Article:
The Electoral Reform Bill and Guidelines for participation initially got stuck in the Transitional Legislative Assembly (TLA) over matters that were later realized to arise principally out of pecuniary concerns. There were some heated exchanges over the necessity of the hitch. But in the final analysis, the bill got passed. That’s the beauty of a democratic debate and we are thankful for the non-violence exercise.
Like all things in Liberia, doing it the right way from the start and all the way to the end is always the key to success. Leaving seemingly “little matters” unattended has the potential of rocking the process inevitably or unfairly tilting the balance in one direction. So, it is all about the discovery of unfinished businesses that must be addressed; and taking care of those businesses in a timely fashion should be a priority.
In my view, the NEC’s guidelines of January 17, 2005 relating to the registration of Political Parties and Independent Candidates failed to address two important concerns that I believe, if addressed properly, will help to “ensure that the rights and interest of all Liberians are guaranteed, and that the elections are organized in a manner that is acceptable to all.”
First, there is no specific reference within the Guidelines to prohibit the use of public resources in support of candidates and political parties during campaign activities. Second, the Commission has established no deadline for the resignation of current government officials who may have the desire to contest for elected positions in the upcoming national elections. And God knows - there are dozens of them waiting in the winds to jump into the race and take care of business.
While the Accra Comprehensive Peace Agreement (ACPA) may have partially tried to address the issue of restricting the Chairman and Vice-Chairman of the National Transitional Government of Liberia (NTGL), Speaker of the NTLA, as well as all principal Cabinet Ministers within the NTGL from contesting for any elected office during the upcoming elections; the ACPA speaks nothing of other executive political appointees within NTGL including Commissioners of Bureaus and Managing Directors of Public Corporations and Autonomous Agencies and their deputies. The accord is equally silent on Deputy Ministers serving in the NTGL and current members of the TLA who may be desirous of seeking elective positions within their various constituencies.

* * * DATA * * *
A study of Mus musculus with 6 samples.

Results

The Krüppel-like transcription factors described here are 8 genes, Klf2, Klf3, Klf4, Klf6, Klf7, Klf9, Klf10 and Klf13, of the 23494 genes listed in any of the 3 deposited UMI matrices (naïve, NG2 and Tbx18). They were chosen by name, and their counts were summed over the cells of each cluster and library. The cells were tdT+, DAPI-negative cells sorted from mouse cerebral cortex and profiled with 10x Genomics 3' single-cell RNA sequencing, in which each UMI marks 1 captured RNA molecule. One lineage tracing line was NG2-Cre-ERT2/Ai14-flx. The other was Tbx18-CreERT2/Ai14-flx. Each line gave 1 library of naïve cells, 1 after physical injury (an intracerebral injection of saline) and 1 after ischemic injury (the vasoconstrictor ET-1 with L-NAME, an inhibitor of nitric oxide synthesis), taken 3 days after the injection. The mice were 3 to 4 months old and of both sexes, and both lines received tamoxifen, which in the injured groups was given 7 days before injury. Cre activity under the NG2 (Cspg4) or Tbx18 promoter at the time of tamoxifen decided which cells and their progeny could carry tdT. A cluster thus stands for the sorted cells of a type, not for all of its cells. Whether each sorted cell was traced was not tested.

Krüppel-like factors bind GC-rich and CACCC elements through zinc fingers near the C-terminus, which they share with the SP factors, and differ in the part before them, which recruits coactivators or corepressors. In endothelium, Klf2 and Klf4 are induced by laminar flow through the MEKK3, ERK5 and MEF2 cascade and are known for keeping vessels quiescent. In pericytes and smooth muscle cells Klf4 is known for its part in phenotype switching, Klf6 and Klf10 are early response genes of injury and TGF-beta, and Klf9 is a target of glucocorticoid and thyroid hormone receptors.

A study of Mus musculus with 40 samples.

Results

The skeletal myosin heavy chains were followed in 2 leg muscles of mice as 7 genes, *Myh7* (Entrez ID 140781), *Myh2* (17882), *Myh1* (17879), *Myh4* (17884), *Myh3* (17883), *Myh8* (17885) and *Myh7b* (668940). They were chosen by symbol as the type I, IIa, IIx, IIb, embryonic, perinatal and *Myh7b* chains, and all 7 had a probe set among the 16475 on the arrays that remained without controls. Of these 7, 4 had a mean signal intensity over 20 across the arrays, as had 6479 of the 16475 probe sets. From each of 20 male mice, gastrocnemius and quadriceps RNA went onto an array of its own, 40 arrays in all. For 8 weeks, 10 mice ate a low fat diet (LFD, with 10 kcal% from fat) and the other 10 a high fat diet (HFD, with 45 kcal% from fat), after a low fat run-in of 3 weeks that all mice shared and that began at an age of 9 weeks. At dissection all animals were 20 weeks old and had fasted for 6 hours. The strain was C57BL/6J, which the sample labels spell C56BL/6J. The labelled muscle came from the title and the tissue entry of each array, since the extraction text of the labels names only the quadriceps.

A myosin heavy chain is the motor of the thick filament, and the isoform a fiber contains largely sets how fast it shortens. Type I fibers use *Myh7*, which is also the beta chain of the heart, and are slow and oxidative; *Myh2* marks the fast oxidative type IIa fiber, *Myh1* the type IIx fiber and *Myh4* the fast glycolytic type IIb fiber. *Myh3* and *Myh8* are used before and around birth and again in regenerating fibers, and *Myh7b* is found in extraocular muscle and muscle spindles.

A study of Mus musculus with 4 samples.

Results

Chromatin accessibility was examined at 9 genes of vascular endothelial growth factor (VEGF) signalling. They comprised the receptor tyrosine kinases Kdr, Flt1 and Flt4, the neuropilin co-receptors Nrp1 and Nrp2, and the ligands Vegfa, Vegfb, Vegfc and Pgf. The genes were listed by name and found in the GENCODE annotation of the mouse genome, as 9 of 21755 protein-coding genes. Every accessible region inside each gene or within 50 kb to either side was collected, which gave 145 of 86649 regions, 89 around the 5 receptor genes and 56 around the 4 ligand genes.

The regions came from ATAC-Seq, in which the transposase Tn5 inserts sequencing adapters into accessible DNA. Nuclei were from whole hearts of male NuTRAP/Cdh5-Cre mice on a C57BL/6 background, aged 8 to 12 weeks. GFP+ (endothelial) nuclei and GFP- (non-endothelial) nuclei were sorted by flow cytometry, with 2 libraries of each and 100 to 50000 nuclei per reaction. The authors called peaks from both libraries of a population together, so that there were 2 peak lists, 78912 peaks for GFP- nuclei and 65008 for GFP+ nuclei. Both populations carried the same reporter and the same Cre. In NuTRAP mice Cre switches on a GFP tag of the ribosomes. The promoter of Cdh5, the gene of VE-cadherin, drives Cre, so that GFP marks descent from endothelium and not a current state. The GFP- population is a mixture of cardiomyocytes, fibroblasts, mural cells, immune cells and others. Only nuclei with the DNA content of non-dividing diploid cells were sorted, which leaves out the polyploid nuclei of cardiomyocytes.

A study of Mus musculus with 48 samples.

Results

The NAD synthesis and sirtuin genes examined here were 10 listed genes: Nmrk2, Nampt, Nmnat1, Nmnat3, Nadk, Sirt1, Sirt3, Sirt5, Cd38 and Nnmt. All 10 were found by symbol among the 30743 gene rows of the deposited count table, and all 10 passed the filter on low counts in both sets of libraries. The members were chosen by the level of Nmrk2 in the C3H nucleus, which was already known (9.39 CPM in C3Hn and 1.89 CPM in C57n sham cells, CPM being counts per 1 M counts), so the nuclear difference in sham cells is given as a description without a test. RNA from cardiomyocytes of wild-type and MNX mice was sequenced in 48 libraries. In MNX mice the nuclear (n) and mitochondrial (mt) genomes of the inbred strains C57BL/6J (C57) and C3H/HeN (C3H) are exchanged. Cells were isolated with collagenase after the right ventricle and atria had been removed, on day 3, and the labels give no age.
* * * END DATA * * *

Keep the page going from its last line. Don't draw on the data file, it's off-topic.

I think that the same logic that went into restricting “Principal Cabinet Ministers” should have applied to Commissioners, Managing Directors and their deputies. If not, what justifies the thinking that the Minister of Agriculture or Rural Development for that matter, can exercise more undue political and financial influence on the elections process than say the Managing Director of National Port Authority, Liberia Petroleum Refining or the Commissioner of Maritime or the Comptroller General of Liberia? It just doesn’t make sense to me. What’s good for the goose must also be good for the gander.
Since the ACPA failed to address these issues comprehensively, The NEC is now called upon to take practical steps to close the loop before it gets too late. I believe that the NEC can solve this looming problem by taking bold and unequivocal actions to set a specific deadline for these government officials to resign their post before contesting for any elective position in the forthcoming elections. I take the position that the NEC should require the officials in the category mentioned above to resign their position at least six months prior to the day of national elections in order to qualify and participate.
This is not asking too much. The NTGL Chairman can replace them based on the recommendation of their respective nominating parties. By this move, the NEC will be creating some sort of level playing field between those with access to government resources and exposure and those without such added edge.
Clearly, the argument relating to the advantage of incumbency cannot apply to these official of government. Why? Because, they were never elected by the will of any electorate of any legitimacy. They were selected or appointed to positions in various branches of government for the purpose of national convenience in order to implement the Accra Comprehensive Peace Agreement.
The above two concerns should be addressed quickly in order to create and ensure a level playing field for all – where the less powerful will be heard as well as the most powerful. Further, this process will also minimize the abuse of authority, undue influence and coercion as a form of power, which of course has always been a trademark in Liberia’s system of government and political campaigning.